Interview | Strong, confident woman – Laura Gibson finds her voice

We first became enamoured by Laura Gibson with debut album If You Come To Greet Me, and again with 2009 follow-up, Beasts of Seasons. Elegiac and gentle, both showcased a remarkable voice that seemed to echo from a 1930’s gramophone. For all their perfectly-pitched nostalgia and accomplished song-writing, there was an air of tentativeness running through both records – a feeling that Gibson was holding back. Then came La Grande, a full-horse gallop through the old American south. At times cleverly ironic, at others whimsical, at still others a strange but beguiling combination of styles, La Grande was the sound of an artist truly hitting her stride. We spoke to Gibson during the UK leg of her European tour to discuss the maturation of her sound and the discovery of confidence.

La Grande is much more experimental than your previous two albums, and it feels like you’ve really found your voice. Would you agree with that?

Yeah, I feel like somehow I just got this wave of confidence and I really just gave myself room to try a lot things. I kind of had this moment of: ‘I’m going to try everything that I want to and really take pleasure in making music and indulging ideas’. I was timid in the past, maybe, which is not to say there’s not a certain strength in a timid record, but it felt good to let myself create something and expand, and reach out a little bit more.

So this is a much more confident record?

Yeah, definitely…I was going into the record almost meditating on the idea of confidence. Both personally and artistically I wanted to speak out with confidence and explore it as an idea.

What helped you achieve this?

That’s kind of the question I was pondering, and I don’t know if I came to a good conclusion of it. I think just reminding myself of what I’m capable of and – like, shake it until you make it! I feel with a few of the songs I really almost played a character that was more confident than I really was, and through that I found confidence in that way.

Listening to La Grande, we felt like we were in the old Wild West. Does this period hold a particular interest for you?

Yeah…Portland [Gibson’s current home] is on the Western side of Oregon, and you can never see that far beyond the trees. It has more of an intimate feel. Growing up on the eastern side of the state there’s wide open skies and you can see for miles and miles and there are not as many trees. People who grew up near La Grande say they could never live in a place with trees cause’ they would feel too nervous!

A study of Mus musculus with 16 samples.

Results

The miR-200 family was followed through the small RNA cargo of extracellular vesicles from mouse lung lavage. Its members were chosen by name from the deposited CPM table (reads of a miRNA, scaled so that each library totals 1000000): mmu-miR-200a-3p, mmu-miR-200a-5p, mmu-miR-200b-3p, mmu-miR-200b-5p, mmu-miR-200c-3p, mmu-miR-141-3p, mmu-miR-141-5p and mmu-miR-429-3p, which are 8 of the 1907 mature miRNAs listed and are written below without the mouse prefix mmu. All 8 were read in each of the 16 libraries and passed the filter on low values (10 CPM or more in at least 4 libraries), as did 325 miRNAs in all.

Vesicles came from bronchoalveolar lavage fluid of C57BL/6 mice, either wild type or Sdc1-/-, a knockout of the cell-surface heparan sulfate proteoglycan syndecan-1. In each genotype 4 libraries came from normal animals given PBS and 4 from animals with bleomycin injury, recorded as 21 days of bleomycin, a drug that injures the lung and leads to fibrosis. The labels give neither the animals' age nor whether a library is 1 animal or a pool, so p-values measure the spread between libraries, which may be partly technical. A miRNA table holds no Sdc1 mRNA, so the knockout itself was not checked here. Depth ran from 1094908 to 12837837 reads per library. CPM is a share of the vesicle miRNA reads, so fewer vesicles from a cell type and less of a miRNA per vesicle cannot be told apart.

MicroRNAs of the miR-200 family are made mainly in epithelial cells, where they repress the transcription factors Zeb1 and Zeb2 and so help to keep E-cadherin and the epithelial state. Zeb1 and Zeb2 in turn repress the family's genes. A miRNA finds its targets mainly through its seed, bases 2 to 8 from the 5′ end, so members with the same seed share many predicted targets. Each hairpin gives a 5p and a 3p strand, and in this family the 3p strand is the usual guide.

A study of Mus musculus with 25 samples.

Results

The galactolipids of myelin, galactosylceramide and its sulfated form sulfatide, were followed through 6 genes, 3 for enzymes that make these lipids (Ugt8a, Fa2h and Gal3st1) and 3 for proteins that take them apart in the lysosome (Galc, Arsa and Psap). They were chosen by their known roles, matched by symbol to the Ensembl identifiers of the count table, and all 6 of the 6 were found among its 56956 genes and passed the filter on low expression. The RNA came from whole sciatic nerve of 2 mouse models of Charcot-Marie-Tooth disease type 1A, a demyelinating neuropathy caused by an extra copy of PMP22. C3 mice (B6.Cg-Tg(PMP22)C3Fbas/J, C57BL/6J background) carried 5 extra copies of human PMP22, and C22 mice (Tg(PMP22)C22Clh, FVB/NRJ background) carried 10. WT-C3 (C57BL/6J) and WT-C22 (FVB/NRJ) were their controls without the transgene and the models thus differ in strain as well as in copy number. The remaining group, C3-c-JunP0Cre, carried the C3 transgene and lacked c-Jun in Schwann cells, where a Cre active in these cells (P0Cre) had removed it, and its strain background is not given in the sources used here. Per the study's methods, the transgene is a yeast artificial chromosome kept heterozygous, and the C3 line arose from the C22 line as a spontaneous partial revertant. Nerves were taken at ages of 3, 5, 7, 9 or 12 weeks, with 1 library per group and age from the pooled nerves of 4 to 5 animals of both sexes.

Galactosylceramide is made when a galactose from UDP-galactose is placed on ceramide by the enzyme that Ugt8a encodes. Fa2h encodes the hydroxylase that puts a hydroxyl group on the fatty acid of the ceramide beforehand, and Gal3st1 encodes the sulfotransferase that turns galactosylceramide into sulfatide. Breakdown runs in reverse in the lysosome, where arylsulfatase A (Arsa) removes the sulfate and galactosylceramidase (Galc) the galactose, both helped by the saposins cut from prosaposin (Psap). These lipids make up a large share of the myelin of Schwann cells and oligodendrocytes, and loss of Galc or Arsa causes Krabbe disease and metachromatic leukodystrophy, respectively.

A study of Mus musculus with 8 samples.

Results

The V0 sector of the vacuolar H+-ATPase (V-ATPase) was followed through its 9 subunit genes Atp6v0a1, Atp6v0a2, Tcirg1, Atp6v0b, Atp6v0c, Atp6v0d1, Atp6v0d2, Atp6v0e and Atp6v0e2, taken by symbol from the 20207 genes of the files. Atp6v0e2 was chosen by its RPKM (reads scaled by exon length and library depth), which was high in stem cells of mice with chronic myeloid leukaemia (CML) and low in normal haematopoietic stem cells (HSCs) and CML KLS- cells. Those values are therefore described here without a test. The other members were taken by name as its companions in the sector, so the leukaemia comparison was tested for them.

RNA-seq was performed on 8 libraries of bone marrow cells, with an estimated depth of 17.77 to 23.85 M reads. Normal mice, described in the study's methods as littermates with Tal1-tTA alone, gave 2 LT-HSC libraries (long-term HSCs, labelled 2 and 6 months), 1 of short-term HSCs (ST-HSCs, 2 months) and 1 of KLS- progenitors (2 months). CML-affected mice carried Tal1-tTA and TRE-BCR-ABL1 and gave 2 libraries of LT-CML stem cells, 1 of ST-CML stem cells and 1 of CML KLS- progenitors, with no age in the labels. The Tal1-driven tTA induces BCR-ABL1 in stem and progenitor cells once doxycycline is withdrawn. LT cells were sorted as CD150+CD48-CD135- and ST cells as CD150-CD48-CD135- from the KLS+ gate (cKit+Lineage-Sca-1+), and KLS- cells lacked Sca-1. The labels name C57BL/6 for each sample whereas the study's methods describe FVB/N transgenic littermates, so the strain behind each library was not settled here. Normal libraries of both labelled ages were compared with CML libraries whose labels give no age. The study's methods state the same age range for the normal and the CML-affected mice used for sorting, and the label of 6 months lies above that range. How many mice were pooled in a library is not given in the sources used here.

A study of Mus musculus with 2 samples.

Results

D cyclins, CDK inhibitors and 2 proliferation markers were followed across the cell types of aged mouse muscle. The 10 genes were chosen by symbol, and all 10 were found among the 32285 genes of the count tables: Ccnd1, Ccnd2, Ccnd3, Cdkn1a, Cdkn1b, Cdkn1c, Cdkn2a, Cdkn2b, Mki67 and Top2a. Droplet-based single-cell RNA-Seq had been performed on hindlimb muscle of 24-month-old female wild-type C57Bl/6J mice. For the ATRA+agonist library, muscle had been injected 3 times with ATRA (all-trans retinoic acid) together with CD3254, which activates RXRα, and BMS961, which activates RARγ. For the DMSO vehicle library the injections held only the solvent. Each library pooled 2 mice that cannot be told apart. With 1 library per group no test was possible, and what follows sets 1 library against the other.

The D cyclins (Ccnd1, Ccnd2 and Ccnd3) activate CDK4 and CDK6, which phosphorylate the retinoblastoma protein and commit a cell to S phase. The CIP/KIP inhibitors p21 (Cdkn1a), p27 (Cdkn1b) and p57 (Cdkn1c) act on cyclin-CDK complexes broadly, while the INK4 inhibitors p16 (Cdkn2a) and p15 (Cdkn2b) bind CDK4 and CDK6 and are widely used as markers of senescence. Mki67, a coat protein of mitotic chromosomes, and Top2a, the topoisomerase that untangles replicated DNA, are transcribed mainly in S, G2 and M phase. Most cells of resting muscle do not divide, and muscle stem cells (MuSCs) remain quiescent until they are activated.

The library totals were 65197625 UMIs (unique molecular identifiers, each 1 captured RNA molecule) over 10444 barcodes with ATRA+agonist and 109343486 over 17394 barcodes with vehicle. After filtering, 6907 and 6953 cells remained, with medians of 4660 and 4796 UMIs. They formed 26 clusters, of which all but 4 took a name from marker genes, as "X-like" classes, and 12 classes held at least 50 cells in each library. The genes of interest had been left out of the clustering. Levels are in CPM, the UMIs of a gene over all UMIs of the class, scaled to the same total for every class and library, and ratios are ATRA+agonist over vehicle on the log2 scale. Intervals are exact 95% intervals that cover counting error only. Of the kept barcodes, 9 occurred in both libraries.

Part of my reason for calling the record La Grand was because I felt that, sonically, it was maybe more expansive, like the Wild West is – you can see where you’re going miles and miles before you get there and you can see where you’ve been miles and miles behind you. So I think personally and then sound-wise I resonated with that environment and that place. Although I really love so many old sounding things, I wanted to deal with structures that dealt with movement forward. I think I’m really sensitive to place and I write in a really visual way.

There’s definitely an old-world aesthetic to La Grande, something that hearkens back to an older time…

I don’t think that was very intentional. I get a lot of people describing my voice as sounding old-timey but I wasn’t really interested in making an old-timey sounding record. I think I like the sound of old radio and I wanted to include those sounds as an instrument or character that’s in the record. I think in general I’m someone that can dwell in nostalgia but I always having to challenge myself to think forward in addition to the past. I do like those sounds, I tend to listen to a lot of older music rather than more contemporary music

What kind of music inspires you?

I don’t listen to that much music! I’ve never been a big music consumer, but I’ve been listening to a lot of Brazilian bossa nova music, I really got fired by the rhythms. I also love old Delta blues and music originating in the American south.

What is it about Portland that’s producing so many great artists?

It’s a place that really encourages trying new things so I think a lot of new people move there in order to start musical projects. It’s really inexpensive to live there and it’s really beautiful… It’s exciting to see a place with so many people making great things.

So how do you feel when you’re in a really big city like London?

I really enjoy being in London and I love going to New York. I do really love the big city but I don’t think I could live there. I’ve always lived very close to nature

How has the tour been going?

It’s been good but you know, we’ve had a bit of bad luck! Coming over to the UK from mainland Europe we had a wheel fall off our van and we actually missed our first show! And then at the Lexington show part of our kit stopped working… luckily we got it figured it out but it was such a sweet crowd and a full room of really nice people and so I was really thankful.

So what’s next for you?

I’ve been so focused on touring the last few months that I’m just starting to think… I have a few songs part-way written. It’s funny because I’ve come from my last record being a meditative record and this new record is a lot more upbeat and playing these songs live it’s really fun because with the big band I can get kind of rocking! But I think I’m really excited just to have some time with me. I do have a lot ideas I’m excited about and I’m up for challenging myself again.